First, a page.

The Informer (Monrovia)

Liberia: Civil Society Group Takes Supreme Court to Task

The Coalition of Civil Society Organization (COCSO) has raised serous concern over the Supreme Court seeking a retrial of a lawsuit in a Supreme Court in which the complainant has won two times. COCSO adds that in legal terms such is contrary to the principle of RES JUDICATA.

The case involves the Bai Bai family and Jesse K. Mulbah as defendants versus Madam Mary Sheriff as complainant. In 1994 Charles T. O King filed a complaint against the Bai Bai as defendant and Jesse K. Mulbah as co-defendant in the same case that involves 209.55 acres of land and judgment was rendered in favor of the Bai Bai family.

According to the complainant the Bai Bai family the landlords of Mr. Jesse K. Mulbah the co-defendent in a 209.55 acres of land in the Matadi and Lakpasee vicinity has been ruled two time by the same Supreme Court and Civil Court all In favor of the defendants.

COCSO view this as justice delayed, and has thus addressed to the Acting chief Justice and his three Associate Justices of the Supreme Court a communication signed by three member associations of the Coalition namely: Anthony F. Williams of The Movement Against Bad Labour Practices, Illegal Dismissal and Bad Governance in Liberia; Mr. Rhodoxon Fayiah of Strategic Journalist Committee; and Arthur Jikpamu of Citizens United to Enhanced Democracy. They observe that the case raises an issue of RES JUDIATA.

This RES JUDIATA means a ruling that final judgment rendered by a court of competent jurisdiction on the merits is conclusive as to the right of the parties and their privies; as to them such may constitute an absolute bar to a subsequent action involving the same claim, demand or cause of action..

Explaining further, the communicate mentioned that in 1994, Charles C.T.O King filed a lawsuit against the Bai Bai, for the same 209.55 acres of land in the Matadi and Lakpasee area vicinity, disclosing that the supreme Court of Liberia ruled that the land belonged to the Bai Bai (LLR 37, pages 496).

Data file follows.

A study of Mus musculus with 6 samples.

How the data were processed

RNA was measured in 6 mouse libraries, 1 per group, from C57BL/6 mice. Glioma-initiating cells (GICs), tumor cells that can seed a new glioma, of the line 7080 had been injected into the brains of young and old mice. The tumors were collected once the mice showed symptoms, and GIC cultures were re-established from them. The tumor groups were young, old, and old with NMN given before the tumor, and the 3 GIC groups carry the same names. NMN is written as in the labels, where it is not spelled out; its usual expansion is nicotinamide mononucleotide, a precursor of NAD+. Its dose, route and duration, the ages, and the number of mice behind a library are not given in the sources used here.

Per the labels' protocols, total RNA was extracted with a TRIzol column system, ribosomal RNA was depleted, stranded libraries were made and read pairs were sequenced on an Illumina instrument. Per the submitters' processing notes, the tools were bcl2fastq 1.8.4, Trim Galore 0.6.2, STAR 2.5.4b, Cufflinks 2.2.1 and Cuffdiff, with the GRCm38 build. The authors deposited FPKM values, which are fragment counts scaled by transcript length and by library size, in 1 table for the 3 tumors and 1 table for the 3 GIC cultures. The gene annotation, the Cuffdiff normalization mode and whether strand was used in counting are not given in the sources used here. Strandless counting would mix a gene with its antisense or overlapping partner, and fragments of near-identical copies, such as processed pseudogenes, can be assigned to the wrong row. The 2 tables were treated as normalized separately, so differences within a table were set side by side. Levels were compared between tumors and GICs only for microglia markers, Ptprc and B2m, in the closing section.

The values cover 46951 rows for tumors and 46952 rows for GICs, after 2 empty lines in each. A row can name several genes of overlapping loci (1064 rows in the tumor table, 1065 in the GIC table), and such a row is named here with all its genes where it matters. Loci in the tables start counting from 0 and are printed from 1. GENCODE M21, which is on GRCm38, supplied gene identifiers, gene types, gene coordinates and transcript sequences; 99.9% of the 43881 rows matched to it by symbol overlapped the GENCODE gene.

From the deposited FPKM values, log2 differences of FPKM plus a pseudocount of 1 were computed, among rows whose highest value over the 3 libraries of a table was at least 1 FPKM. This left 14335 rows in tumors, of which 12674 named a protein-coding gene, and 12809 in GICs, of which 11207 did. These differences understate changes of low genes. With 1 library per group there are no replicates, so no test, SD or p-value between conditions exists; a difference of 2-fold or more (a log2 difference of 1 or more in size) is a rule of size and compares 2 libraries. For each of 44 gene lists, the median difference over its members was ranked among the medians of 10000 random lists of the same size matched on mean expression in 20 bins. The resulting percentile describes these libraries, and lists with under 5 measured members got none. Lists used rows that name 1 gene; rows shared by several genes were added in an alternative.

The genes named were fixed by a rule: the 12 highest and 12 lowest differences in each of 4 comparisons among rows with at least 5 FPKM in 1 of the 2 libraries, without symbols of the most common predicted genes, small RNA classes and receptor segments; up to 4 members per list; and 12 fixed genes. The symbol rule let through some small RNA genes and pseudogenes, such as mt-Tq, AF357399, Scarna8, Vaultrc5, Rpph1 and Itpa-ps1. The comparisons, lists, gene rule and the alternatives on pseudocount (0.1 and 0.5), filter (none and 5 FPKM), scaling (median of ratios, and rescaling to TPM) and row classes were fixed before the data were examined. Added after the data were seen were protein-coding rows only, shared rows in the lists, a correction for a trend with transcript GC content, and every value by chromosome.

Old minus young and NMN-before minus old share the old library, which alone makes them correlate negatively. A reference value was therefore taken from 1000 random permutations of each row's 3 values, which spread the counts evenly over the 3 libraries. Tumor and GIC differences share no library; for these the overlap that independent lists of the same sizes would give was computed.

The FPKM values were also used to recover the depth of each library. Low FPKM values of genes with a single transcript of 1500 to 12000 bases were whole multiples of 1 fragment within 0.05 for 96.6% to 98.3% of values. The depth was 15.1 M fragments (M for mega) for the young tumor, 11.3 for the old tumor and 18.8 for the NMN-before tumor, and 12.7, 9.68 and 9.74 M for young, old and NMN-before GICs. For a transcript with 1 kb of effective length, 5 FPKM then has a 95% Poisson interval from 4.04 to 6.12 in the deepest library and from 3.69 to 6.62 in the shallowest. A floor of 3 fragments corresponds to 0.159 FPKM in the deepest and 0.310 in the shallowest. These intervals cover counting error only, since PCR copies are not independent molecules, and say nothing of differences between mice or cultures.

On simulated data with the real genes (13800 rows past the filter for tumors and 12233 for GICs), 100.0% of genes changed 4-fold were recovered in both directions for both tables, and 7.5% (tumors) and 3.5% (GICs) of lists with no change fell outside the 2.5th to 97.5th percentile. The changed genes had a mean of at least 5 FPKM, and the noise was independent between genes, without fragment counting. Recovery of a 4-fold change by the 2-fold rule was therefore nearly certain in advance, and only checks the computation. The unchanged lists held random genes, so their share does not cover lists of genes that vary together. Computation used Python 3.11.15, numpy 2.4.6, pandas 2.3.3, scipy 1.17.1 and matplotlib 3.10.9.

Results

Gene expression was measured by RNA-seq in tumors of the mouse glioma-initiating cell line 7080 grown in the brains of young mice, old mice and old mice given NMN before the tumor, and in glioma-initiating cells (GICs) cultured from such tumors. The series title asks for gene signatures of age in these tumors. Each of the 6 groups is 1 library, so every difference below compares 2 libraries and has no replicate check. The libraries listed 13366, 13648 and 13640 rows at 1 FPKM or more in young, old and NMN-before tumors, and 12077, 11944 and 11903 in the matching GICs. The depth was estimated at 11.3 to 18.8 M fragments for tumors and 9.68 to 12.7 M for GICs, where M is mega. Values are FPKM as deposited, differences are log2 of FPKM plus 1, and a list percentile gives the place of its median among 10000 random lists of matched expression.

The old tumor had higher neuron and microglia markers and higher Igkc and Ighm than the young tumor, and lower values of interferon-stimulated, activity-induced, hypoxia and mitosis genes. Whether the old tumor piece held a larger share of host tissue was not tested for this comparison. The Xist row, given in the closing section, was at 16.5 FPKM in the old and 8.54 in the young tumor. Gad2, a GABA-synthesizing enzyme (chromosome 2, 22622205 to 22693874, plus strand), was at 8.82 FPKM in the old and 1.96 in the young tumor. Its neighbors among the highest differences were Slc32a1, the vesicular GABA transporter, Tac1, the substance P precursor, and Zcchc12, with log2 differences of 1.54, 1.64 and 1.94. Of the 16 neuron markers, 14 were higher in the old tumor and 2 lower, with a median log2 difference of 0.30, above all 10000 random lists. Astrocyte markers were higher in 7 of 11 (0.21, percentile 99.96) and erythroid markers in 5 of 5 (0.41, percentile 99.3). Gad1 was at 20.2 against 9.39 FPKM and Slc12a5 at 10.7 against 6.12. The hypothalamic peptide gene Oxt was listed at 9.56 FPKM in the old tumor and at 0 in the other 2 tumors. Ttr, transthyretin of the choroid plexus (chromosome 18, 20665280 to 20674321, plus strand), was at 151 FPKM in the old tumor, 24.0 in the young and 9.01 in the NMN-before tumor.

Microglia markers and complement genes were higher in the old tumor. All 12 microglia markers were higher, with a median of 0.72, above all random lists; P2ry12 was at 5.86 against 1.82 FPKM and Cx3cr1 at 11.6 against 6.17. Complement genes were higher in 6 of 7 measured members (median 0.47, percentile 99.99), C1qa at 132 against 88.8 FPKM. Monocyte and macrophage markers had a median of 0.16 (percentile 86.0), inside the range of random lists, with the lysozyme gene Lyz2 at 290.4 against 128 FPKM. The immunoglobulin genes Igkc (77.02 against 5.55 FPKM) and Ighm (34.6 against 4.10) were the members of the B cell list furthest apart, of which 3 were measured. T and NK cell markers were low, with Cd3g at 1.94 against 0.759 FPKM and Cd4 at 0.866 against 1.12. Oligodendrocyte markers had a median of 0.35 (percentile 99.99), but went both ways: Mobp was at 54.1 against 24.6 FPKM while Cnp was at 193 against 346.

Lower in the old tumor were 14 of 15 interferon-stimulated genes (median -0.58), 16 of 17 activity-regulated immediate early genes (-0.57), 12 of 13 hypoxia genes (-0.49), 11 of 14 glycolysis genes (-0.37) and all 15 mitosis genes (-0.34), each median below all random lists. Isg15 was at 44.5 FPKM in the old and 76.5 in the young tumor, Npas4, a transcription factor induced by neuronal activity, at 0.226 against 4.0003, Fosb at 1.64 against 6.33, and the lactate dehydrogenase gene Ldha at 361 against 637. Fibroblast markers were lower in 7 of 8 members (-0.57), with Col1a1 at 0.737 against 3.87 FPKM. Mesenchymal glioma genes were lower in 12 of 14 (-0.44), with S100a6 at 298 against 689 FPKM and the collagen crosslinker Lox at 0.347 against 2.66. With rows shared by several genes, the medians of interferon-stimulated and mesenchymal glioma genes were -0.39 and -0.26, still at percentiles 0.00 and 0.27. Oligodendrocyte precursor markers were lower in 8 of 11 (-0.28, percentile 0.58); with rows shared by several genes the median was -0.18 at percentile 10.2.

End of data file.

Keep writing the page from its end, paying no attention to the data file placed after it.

The communicate added that the National Housing Authority, (NHA) as Co-Respondent in the same case filed for re-argument, stating that the Supreme Court had overlooked major issues of Law and facts, but the Supreme Court held that it had adequately dealt with all the issues of merit, and therefore affirmed its earlier Opinion. (37 LLR, 745 decided on February 16 1995).

Moreover, the communication stated that Madam Sheriff filed a lawsuit against Mr. Mulbah and the Bah Bai in the Civil Law Court claiming ownership of the land on which his house was being built and the Civil Law Court also ruled against her based on the same merit of the 1994 and 1995 Supreme Court ruling.

The Coalition of Civil Society Organization thus maintained that the action of the Supreme court's re-trying the case does not only remand and ignore its prior rulings, but an action that is considered a shock to them as a civil society organization.

The release added: "for this honorable Supreme Court to again accept a case that the Supreme Court had already ruled on based on the same merits adduced is also surprising".

The COCSO alleged that the plaintiff who re-filed the case on the same merit with Supreme Court has a lawyer (Counselor Gbessi) from a law firm owned and operated by one of the Associate Justices on the current Supreme Court bench, adding that his presence on the bench in trying the land case has an adverse and undue influence on any future court's ruling.